Tuesday, July 28, 2009

U.S. mutual fund discloses carbon footprint

Boston-based Green Century Funds is now disclosing the carbon footprint of its balanced fund, claiming to be the the first retail American mutual fund to do so.

Green Century hired analysis firm Trucost to perform an analysis, which revealed that the carbon footprint of the balanced fund was 66% less than the S&P 500, as of April 30, 2009.

The study found that that the fund's low carbon intensity is attributable to its underweighting or avoidance of the utilities, oil and gas and resources sector.

"The debate over climate change is over. With emissions restrictions pending in the U.S. and internationally, we believe it is in the best interest of our shareholders to recognize and understand the carbon footprint of our fund's investments," says Green Century Funds president Kristina Curtis.

"With the reality of climate change upon us and the economy in flux, it is urgent thqat we move toward a low-carbon, resource efficient and sustainable economy," added Lisa Woll, CEO of the U.S. Social Investment Forum. "We are proud of our member investment firms that are leaders in addressing critical environmental issues."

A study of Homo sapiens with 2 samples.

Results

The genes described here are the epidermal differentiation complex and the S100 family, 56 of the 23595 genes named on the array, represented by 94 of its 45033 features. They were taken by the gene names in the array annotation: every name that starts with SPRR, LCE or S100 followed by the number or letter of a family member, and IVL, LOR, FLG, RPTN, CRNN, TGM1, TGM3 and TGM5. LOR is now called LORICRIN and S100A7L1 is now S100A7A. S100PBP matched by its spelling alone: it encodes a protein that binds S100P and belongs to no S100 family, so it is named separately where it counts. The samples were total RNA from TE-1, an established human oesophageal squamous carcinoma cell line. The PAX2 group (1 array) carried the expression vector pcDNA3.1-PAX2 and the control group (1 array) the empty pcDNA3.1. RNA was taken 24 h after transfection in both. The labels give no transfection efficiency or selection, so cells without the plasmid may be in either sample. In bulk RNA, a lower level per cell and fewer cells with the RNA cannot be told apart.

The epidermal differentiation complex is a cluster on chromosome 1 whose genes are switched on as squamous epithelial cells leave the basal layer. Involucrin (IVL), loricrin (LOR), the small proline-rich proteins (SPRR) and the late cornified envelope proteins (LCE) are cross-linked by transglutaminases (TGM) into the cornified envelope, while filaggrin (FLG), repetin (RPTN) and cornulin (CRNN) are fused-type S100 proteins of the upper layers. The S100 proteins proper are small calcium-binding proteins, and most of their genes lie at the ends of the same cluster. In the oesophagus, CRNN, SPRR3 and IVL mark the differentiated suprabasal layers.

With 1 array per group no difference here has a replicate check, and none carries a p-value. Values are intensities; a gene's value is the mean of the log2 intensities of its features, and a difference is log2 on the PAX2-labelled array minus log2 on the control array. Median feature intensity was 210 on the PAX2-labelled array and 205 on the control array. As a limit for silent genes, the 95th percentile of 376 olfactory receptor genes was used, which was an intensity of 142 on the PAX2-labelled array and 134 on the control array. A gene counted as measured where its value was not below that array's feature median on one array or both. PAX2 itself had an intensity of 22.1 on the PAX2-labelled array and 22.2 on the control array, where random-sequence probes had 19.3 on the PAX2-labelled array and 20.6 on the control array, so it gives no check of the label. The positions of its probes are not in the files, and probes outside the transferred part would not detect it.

Trucost's carbon audit involved calculating the direct and indirect greenhouse gas emissions for each company in the Green Century Balanced Fund portfolio. Companies in the portfolio that contributed the most greenhouse gas emissions were Air Product & Chemicals, General Mills and 3M. The fund's top ten holdings as of June 30, 2009 were IBM, AT&T, Xerox, Federal Home Loan Bank of Chicago, General Mills, SLM Corp., Telefonica S.A., Johnson & Johnson, Advance Auto Parts and Oracle Corp.

As far as we know, no Canadian fund has conducted a similar analysis. However, considering the TSX's high exposure to the oil and gas sector, any fund seeking to replicate the performance of the Canadian benchmark would likely score poorly in a carbon audit.